Clean Air Zones: Everything you need to know

The UK government announced their Net Zero Strategy back in October 2021 which sets out its policies and proposals for decarbonising all sectors of the UK economy by 2050. The government want to accelerate the shift from petrol and diesel vehicles to ultra-low and zero-emission vehicles. Part of this includes a plan to invest in freight trails to pioneer hydrogen and other zero-emission HGV lorries.

In addition to the Net Zero Strategy, the government produced the Clean Air Zone Framework which focuses on improving air quality by reducing carbon emissions. Clean Air Zones (CAZ) are already active in cities throughout the UK, with others expected to implement their own later this year. We briefly outlined Clean Air Zones in a previous blog, The New Driving Laws and Rules for 2022, but with additional CAZs expected to come into force this year, we’ve put together everything you need to know about them.

What is a Clean Air Zone?

CAZs were proposed in 2015 and came into effect in 2020. A CAZ defines an area where local authorities have taken action to improve air quality to deliver improved health benefits and support economic growth.

CAZs fall into two categories:

Non-charging Clean Air Zones – Defined geographic areas used as a focus for action to improve air quality.

Charging Clean Air Zones – The same as non-charging zones. Additionally, they require vehicle owners to pay a charge to enter depending on which class the CAZ is and if their vehicle meets the minimum emission standard.

How will Clean Air Zones be introduced?

Local authorities are responsible for implementing CAZs, and they decide what level of restriction to apply.

There are four classes of Clean Air Zone:

  1. Class A – Buses, coaches, taxis, and private hire vehicles (PHVs)
  2. Class B – Buses, coaches, taxis, PHVs and heavy goods vehicles (HGVs)
  3. Class C – Buses, coaches, taxis, PHVs, HGVs and light goods vehicles (LGVs)
  4. Class D – Buses, coaches, taxis, PHVs, HGVs, LGVs and cars

Compliant vehicles are exempt from any charges or restrictions. These include: 

  • Buses, coaches, and HGVs that meet Euro VI emissions standards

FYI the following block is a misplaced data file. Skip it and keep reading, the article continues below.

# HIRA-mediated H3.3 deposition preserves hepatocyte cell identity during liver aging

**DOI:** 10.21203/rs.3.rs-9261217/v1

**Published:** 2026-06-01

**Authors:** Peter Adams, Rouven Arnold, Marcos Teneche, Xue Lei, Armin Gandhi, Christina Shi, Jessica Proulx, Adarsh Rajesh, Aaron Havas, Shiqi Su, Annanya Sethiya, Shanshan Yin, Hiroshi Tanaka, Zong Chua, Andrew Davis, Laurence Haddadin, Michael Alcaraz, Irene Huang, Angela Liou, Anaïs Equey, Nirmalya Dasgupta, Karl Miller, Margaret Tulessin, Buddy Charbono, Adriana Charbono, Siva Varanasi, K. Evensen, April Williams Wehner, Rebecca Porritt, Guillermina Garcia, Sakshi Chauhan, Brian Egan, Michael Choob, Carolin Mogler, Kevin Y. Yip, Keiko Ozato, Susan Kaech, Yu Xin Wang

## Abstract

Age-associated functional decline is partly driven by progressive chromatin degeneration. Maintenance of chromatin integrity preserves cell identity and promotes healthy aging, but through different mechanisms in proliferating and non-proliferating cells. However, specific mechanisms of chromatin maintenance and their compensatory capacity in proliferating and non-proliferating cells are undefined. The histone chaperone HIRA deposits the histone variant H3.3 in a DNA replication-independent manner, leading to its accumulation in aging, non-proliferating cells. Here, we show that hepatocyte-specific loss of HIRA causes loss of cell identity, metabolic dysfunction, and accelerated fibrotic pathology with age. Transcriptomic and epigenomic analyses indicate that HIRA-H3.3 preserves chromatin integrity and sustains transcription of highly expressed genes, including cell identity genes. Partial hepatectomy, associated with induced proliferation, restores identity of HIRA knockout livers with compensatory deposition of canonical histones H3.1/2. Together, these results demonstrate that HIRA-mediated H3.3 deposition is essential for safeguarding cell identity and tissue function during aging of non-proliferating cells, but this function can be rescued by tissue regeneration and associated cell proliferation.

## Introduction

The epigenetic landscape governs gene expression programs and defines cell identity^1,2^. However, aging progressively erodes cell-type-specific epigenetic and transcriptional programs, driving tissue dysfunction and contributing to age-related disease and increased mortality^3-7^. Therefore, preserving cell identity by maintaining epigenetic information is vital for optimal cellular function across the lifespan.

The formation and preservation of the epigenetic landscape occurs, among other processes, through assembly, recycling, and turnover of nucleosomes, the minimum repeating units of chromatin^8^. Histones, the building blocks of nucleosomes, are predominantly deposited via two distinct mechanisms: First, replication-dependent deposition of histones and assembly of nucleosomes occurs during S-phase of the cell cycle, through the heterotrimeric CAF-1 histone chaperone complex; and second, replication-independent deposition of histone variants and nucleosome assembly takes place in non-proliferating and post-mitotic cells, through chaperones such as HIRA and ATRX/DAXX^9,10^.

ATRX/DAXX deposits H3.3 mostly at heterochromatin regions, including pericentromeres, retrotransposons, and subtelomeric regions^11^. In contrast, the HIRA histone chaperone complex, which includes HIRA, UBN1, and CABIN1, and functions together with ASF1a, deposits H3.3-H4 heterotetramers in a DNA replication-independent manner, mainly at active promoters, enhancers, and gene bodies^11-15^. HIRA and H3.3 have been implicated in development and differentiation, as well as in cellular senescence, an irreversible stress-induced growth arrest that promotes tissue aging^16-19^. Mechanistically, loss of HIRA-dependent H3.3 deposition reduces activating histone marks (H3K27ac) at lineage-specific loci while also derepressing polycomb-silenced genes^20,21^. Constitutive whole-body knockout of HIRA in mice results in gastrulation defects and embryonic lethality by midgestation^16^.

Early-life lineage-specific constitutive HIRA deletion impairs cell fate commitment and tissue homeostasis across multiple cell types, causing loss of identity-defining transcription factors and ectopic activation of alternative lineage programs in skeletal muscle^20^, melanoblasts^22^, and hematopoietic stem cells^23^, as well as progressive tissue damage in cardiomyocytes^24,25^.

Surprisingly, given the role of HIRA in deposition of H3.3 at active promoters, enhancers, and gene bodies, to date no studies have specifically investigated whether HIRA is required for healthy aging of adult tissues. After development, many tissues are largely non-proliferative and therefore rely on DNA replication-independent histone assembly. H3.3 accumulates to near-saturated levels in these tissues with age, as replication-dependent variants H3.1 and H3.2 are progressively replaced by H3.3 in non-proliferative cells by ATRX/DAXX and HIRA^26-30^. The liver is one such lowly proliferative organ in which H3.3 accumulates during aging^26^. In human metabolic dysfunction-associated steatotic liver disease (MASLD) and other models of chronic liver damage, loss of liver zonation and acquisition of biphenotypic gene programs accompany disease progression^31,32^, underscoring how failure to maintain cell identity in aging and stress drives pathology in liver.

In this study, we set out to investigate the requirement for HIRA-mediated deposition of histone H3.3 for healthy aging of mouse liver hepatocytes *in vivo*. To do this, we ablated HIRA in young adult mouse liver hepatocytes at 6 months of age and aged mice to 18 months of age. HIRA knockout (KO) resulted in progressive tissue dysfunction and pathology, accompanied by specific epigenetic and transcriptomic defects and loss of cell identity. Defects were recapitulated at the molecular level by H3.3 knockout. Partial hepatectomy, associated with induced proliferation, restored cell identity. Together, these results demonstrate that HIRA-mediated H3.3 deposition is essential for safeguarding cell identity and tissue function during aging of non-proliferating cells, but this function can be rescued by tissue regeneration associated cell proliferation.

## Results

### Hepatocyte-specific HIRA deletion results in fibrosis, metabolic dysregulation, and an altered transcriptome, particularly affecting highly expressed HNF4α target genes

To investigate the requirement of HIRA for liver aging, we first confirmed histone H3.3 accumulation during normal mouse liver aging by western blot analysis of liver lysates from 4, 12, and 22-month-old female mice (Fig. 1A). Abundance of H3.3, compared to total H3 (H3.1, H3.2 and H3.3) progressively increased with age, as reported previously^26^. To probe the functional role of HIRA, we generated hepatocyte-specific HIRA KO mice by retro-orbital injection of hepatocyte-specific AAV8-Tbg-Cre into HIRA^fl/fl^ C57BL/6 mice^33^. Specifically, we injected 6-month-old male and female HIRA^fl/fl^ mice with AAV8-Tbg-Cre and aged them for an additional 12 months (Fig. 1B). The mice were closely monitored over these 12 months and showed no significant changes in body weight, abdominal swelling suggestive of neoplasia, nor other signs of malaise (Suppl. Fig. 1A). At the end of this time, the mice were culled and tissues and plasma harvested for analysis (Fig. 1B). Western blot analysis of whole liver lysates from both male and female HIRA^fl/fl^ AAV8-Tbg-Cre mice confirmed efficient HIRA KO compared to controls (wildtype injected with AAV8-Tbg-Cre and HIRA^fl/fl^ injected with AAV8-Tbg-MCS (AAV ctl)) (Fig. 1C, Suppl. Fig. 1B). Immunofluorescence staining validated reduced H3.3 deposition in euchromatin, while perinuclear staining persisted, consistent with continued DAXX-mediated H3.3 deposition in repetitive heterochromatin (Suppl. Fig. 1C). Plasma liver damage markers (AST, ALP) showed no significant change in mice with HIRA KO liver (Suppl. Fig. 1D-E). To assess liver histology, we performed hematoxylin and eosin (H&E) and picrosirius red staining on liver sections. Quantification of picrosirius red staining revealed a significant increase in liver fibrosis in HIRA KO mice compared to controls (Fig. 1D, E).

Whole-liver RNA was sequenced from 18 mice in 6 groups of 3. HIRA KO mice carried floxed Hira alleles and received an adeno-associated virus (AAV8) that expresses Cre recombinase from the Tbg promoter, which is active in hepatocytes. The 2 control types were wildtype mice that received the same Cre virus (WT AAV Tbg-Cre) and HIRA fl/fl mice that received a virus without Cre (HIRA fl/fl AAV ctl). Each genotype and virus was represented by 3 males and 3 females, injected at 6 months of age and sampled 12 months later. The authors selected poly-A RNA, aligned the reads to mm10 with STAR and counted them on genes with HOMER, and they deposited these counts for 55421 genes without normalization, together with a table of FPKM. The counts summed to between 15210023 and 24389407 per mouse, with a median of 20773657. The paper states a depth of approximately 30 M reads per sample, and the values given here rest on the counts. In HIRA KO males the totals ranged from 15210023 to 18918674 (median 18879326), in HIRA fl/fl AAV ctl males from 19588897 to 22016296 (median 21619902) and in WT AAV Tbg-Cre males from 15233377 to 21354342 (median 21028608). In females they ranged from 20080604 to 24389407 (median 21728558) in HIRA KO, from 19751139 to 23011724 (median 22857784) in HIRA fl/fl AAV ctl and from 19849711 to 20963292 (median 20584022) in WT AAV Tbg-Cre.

• Cars, vans, and taxis that meet Euro 6 (diesel) or Euro 4 (petrol) emissions standards
  • Ultra-low emission vehicles with a significant zero-emission range
How much will it cost to enter a CAZ?

As we mentioned before, CAZs are either charging or non-charging. The amount you must pay to enter a CAZ will vary depending on what vehicle you are driving and the amount of emissions it produces. Currently, HGVs that don’t meet the standard will pay up to £100 to enter a CAZ.

CAZs often run seven days a week, 24 hours a day, 365 days a year. They’re also likely to be policed by automatic number plate recognition cameras. CAZs have special exemptions for residents within the zone, Blue Badge holders, and vehicles with a disabled tax class. However, these exemptions vary between zones.

Where will Clean Air Zones be located?

There are currently five active CAZs, located in:

  • Bath
  • Birmingham
  • London
  • Portsmouth
  • Oxford

New Clean Air Zones are pending in multiple cities throughout the UK, including:

  • Bradford – Spring 2022
  • Manchester – 30th May 2022
  • Dundee – 30th May 2022
  • Edinburgh – 31st May 2022
  • Aberdeen – May 2022
  • Bristol – Summer 2022
  • Glasgow – 1st June 2022
  • Sheffield – Awaiting date
  • Newcastle – Awaiting date
The benefits and challenges

CAZs reduce public exposure to polluted air and emissions, delivering improved health benefits for residents. They also encourage the cleanest vehicles to operate within the zone, which will urge businesses and individuals to consider the economic and operational impacts of the vehicles they acquire. What’s more, CAZs may discourage people from making unnecessary journeys, reducing emissions and congestion, and enabling public transport to run more smoothly.

However, the financial implications of CAZs may negatively affect the logistics industry. HGVs will face expensive charges, which could have a huge impact for many businesses within the sector, leading to loss of revenue and delivery delays. These challenges could be calamitous an essential industry recovering from a mass driver shortage. CAZs could also have a contradictory impact on emissions. For example, hauliers opting for alternative routes to avoid paying high fees may accumulate more miles and produce more emissions.

When challenges arise innovative ideas and resolutions are created, and the future of the supply chain industry looks interesting and exciting. What do you think about Clean Air Zones? Let us know over on our Facebook page.